After completing the final orbit change on September 1, the Vikram Lander of Chandrayaan-2, India's second-ever mission to the Moon, has detached from the orbiter element of the craft.
The separation, according to a report from ISRO, took place at 1:15 pm today, taking Vikram into an independent, circular orbit closer to its final destination - the south pole of the Moon.
Vikram to soft-land on September 7
ISRO has confirmed that Chandrayaan-2's orbiter will continue circling in its current orbit, while the orbit of Vikram will be lowered in the coming days.
The deorbiting maneuvers will take place on September 3-4, taking the lander to a point from where it could execute a powered descent and soft-land between two craters on the lunar south pole - a completely unexplored territory.
Powered descent would be a critical challenge
Vikram is orbiting 100km away from the landing site. However, once the orbit is lowered, it would come closer to the surface and create a map of the landing site.
This would then be used by the lander to fire its thrusters and land on the targeted site.
It would be a major challenge for ISRO as it won't be controlling the descent remotely.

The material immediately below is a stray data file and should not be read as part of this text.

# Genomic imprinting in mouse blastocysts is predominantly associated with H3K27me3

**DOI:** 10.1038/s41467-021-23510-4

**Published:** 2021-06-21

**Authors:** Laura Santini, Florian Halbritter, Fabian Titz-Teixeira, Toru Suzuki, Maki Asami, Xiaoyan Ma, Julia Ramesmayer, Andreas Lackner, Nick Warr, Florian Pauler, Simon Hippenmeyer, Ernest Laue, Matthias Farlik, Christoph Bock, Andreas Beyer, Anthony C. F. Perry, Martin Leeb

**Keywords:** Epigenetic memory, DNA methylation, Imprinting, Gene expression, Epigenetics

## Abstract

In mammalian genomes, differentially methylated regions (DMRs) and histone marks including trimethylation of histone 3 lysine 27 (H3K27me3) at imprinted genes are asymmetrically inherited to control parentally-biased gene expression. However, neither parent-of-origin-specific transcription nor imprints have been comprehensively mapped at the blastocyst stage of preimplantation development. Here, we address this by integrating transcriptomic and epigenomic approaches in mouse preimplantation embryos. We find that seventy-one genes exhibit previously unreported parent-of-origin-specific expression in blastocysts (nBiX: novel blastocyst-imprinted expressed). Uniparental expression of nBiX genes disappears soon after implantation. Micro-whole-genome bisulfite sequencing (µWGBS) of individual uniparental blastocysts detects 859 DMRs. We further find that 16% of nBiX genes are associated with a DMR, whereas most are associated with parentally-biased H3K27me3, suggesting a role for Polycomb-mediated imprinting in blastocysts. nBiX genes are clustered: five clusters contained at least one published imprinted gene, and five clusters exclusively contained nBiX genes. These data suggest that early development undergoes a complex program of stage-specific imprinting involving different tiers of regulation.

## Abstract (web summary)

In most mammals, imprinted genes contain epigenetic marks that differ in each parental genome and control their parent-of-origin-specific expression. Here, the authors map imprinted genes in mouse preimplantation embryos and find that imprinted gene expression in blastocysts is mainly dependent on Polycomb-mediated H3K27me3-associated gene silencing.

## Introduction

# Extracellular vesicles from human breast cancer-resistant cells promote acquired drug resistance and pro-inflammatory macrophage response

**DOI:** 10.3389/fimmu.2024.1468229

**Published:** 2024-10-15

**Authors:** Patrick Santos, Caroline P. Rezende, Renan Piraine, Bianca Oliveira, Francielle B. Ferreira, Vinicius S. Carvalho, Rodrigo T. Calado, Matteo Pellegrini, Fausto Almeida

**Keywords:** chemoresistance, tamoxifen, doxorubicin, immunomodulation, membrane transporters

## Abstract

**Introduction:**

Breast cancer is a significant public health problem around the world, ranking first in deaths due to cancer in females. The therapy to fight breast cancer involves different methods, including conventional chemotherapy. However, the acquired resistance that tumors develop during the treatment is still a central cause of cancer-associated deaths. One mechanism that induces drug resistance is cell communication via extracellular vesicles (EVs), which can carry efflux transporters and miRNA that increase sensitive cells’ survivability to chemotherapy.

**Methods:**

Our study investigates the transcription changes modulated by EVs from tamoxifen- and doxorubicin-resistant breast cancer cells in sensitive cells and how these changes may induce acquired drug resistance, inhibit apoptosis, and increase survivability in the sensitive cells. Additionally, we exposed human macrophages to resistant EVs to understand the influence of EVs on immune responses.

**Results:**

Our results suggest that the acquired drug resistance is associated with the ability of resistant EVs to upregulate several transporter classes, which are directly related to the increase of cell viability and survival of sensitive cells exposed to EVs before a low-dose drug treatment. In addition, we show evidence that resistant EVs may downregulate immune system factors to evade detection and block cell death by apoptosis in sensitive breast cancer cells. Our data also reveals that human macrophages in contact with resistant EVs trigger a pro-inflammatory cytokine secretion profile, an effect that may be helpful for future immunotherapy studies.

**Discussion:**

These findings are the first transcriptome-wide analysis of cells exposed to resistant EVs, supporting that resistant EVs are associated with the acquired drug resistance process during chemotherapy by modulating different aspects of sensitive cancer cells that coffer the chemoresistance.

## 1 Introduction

Then, the lander, rover, and orbiter elements will work
After the lander settles, ISRO's six-wheeled rover, dubbed Pragyaan, will roll out and stroll on the lunar surface at a speed of 1 centimeter per second.
It will conduct several experiments, including on-site chemical analysis of the surface, in conjunction with the lander.
Meanwhile, the orbiter element of the mission will gather data from orbit and relay the same back to Earth.
We could learn a lot about Moon with Chandrayaan-2
In all, the mission has 13 payloads - 8 on orbiter, 3 on lander, and 2 on rover - for imaging and studying the lunar terrain and exosphere.
The findings of the project will not only help scientists understand the topography of the lunar surface and delve into its origin, evolution but also provide more insight into the presence of water.